A reader has tipped me to five new patents for electrowetting screen tech which Amazon filed last week, including at least one which suggests that Amazon wants to integrate a Liquavista screen into a future Kindle. (Thanks, Javi!)
The patents cover both making a screen and integrating it into a device. They get quite detailed, far more so than I can cover in this post, but one in particular caught my eye. That patent mentions a new hybrid electrowetting screen tech which has separate greyscale and color components. This, folks, is new to me:
By providing a greyscale picture element layer and a separate colour picture element layer, the electrowetting display device can provide high quality and high brightness greyscale images and high quality colour images independently of each other. In an example, having a dedicated picture element layer for colour and another dedicated picture element layer for greyscales allows each layer to be optimised for desired properties for colour and greyscale images, rather than in known systems where the colour properties of a colour filter may be compromised so the colour filter may contribute to both colour and greyscale display states.
The description goes on to add that this new design is easier to manufacture than Liquavista's existing designs, but I would say that is less important than the fact that it suggests the possibility of a single screen offering both a color option and high resolution grayscale option.
Update: As a reader points out in the comments, Liquavista showed off a 9.7" XGA screen in 2011. That's 1024 x 768, or about 132 ppi. If the RGB pixels are replaced by gray/gray/gray pixels, this would effectively triple the resolution of the screen. Thanks, Felix!
So far as I know Liquavista has not shown off an electrowetting screen which had both color and grayscale ability, so this truly is something new.
For those just tuning in, Liquavista is a Netherlands-based screen tech company which Amazon bought from Samsung in 2013. For the past decade Liquavista has been working on a screen tech based on the principles of electrowetting (Wikipedia). Liquavista's tech is supposed to provide a low -power alternative to traditional LCD screens, but so far it has not released a single commercial product (in spite of several missed release dates in 2010, 2011, 2012).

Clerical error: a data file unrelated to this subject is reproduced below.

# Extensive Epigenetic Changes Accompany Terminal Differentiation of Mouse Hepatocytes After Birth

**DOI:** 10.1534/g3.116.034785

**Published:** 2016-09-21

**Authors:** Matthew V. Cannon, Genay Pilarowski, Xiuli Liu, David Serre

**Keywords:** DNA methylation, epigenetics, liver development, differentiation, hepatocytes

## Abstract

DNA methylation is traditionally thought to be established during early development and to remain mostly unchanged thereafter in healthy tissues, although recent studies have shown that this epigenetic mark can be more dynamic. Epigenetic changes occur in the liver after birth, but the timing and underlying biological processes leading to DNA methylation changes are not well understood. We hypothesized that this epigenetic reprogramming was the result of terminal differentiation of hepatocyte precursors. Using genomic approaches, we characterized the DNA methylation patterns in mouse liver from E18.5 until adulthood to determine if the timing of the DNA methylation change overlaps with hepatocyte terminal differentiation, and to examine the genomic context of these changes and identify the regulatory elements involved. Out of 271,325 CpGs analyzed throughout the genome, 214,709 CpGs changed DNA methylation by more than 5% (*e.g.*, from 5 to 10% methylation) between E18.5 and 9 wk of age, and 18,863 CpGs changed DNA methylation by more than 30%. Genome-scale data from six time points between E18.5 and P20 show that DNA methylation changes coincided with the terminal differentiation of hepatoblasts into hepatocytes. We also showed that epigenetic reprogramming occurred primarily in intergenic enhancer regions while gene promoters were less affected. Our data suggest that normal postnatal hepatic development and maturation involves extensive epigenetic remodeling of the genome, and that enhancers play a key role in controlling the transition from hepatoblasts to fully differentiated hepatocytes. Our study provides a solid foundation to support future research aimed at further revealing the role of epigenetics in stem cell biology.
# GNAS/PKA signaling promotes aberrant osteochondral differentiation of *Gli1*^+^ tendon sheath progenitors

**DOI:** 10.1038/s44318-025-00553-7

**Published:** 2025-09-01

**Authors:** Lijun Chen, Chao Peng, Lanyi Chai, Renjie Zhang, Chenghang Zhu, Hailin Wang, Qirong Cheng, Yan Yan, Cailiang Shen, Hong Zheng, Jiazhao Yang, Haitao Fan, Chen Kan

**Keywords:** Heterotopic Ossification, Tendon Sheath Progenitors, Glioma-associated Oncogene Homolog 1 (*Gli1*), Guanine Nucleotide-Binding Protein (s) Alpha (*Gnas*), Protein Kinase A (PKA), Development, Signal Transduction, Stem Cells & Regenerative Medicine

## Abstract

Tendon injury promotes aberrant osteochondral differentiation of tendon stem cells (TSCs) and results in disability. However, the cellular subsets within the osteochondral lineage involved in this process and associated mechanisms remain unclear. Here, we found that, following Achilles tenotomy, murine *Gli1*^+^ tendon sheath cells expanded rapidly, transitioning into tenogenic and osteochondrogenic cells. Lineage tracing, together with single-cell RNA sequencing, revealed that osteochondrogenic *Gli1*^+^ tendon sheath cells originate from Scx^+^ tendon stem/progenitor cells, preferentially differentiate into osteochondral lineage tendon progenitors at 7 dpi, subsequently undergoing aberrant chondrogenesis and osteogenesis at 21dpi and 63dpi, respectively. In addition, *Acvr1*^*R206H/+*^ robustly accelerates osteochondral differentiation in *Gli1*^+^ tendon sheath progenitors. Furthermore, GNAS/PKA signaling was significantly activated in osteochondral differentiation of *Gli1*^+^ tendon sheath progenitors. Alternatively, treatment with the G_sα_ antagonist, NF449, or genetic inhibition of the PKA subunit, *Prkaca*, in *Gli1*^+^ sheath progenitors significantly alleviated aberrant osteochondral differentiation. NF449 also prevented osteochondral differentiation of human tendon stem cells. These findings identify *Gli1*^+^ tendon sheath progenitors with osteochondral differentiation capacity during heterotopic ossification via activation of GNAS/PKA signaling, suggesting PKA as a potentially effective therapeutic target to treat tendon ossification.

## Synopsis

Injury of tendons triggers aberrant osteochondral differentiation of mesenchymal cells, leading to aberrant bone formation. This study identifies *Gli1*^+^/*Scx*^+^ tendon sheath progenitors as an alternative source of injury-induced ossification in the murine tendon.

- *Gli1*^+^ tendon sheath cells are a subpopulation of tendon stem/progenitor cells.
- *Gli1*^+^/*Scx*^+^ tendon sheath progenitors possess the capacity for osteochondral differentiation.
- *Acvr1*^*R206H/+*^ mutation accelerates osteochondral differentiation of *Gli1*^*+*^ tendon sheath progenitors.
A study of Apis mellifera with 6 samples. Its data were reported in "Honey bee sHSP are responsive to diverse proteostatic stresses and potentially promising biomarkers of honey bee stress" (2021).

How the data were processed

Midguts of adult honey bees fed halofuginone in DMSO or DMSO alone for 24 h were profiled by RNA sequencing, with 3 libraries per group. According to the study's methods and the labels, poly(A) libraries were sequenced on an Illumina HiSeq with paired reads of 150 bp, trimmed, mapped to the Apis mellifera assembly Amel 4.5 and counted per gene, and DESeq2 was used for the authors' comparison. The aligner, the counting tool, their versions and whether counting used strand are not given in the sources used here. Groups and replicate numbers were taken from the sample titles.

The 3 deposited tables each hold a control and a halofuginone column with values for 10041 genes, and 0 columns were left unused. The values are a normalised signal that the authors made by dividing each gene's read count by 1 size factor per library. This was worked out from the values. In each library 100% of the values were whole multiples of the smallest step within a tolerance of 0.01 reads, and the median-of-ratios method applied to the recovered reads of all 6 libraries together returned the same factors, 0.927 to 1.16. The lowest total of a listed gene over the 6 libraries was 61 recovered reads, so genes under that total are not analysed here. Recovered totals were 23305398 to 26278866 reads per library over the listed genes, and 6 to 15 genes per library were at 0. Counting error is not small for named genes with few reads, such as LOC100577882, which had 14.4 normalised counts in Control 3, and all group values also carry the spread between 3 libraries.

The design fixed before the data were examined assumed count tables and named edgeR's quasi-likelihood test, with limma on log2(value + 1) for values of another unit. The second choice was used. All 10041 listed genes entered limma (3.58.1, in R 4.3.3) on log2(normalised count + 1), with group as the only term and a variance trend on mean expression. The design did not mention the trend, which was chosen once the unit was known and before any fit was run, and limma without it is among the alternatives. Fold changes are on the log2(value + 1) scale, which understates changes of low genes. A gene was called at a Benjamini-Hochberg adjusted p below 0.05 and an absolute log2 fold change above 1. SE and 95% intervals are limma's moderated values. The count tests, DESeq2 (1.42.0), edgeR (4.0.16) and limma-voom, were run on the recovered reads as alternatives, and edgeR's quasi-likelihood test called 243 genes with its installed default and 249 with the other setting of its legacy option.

Originally a project in the research labs at Phillips, Liquavista was spun off into its own company and later acquired by Samsung in early 2011.
Samsung wanted Liquavista for its screen tech, but sold the company to Amazon once it was clear that one, Liquavista couldn't produce a screen which looked as good as LCD or OLED, and two, the battery problem faced by mobile devices had largely been solved (here's a more detailed explanation).
Amazon has never explicitly stated why they wanted Liquavista, but it has generally been assumed that Amazon was going to use the screen tech either in a consumer product or for some unknown internal purpose related to Amazon's warehouses (this was why they bought Kiva Systems).
I would say that it is safe to conclude that Amazon wants to use the Liquavista tech in a future Kindle. This conclusion is reinforced both by the hiring spree earlier this year and by the money that Amazon is clearly pouring into Liquavista.
Starting in December 2013, Liquavista has filed for at least 16
patents, including patents that cover the material, manufacture techniques, design, and function of electrowetting displays. That stands in stark contrast to the previous two years when Liquavista filed for a grand total of 5 patents.
Amazon is clearly throwing money at Liquavista, and I can't wait to see what ends up on store shelves. With luck, we might see the new Kindle by the fall of 2015.
Update: Unless, of course, the rumored Kindle Paperwhite Ice Wine (the one which was supposed to launch this spring) has a Liquavista screen. A reader just pointed out the possible connection. Thanks, Guilliame!